When you add dye to your detergent formula to make a triple foam that will be used to completely clean a car, the LAST thing you want is for that foam to stain the car.
Or in industry-speak: SMURF the car.
Unfortunately, it’s all too easy to use the wrong dye and Smurf the cars that come through your facility. It happens all the time.
Using the right dye that not only generates a colorful foam but washes off completely is a bit more difficult – but not if you do a little “homework” before selecting your triple foam colorant.
Here are your top two tips if you want to avoid Smurfing the cars.
#1. Know your pH
With a wide pH range, typically from 2 to 13 in car wash detergents, the availability of colorants that are stable to the extremes of this range is quickly narrowed. So before you choose your colorant, you want to test and identify the pH of your detergent.
If you don’t choose a dye that is pH stable for your detergent, you will run into a few major problems:
- Settling-Out of Dye
Incompatibility of colorant and detergent formulation can cause a reaction that causes the dye to settle out of solution – as a sludge or particulate
- Color Change
The effect of an incompatible pH can affect one of the colors in a shade mixture, more than the other colors, altering the overall shade over time
- Color Disappearance
As above, incompatible pH can actually alter the dye’s chromophore and destroy the color itself
For formulators, ideally you want to have a standard line of dyes that are stable for the entire pH range of your detergent product lines.
Word of caution: sometimes you may not be able to achieve the exact color shade you desire. But the peace-of-mind benefit of knowing the dyes are pH-stable in all of your detergent formulations – and that your products won’t ruin anyone’s car – far outweighs any shade differences.
#2. Know Your Dye
Another concern in the selection of colorants is the potential staining characteristics of the dye.
Dye classes that are typically used in car wash detergent formulations are acid dyes, basic dyes, and fugitive tints. And each has different staining properties on materials such as leather, vinyl, and rubber due to their different pH. This means that if a detergent meant for rubber comes in contact with leather upholstery, it could inadvertently stain the material.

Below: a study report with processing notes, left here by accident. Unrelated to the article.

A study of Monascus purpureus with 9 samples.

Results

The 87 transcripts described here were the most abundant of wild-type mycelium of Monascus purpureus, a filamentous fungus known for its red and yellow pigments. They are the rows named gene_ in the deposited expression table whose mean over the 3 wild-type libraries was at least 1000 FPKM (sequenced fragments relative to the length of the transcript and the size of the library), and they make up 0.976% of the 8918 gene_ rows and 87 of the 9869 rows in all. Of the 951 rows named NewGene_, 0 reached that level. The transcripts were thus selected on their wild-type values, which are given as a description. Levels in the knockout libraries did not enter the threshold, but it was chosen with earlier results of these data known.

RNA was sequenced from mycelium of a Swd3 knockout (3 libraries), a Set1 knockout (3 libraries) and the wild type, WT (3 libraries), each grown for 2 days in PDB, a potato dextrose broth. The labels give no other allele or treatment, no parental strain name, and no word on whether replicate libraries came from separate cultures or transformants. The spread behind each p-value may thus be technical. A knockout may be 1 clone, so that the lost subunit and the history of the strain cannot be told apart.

So this is a very important consideration when formulating your detergents.
Basic dyes typically have a high degree of staining, but have an affinity for a certain pH range and have a favorable economics. Some Basic dyes can be used at low concentrations with no staining.
Acid dyes stain medium-to-minimum, and have an affinity (and good economics) for certain pH ranges – however, staining propensity is dye color and concentration dependent.
Fugitive tints stain minimum-to-none – but come with a high price tag.
In all of these cases, the degree of staining is dependent on how high of a colorant concentration is used and the substrate the colorant is being applied to. Sampling of the dye/triple foam formulation is strongly encouraged so that any incompatibility issues can be identified and adjusted for.
When choosing which dye to use for your auto triple foam – or any auto detergent – there are many considerations if you want to formulate the best product that will clean the car with a rich, colorful foam that doesn’t leave costly, ugly stains.
Identifying the pH of your colorant so you can match it properly to your detergent and the car material it is intended to clean is your first step to creating your best product.
For additional tips and considerations when formulating your detergents, check out our Technical Guide: “How to Choose the Right Detergent Color”.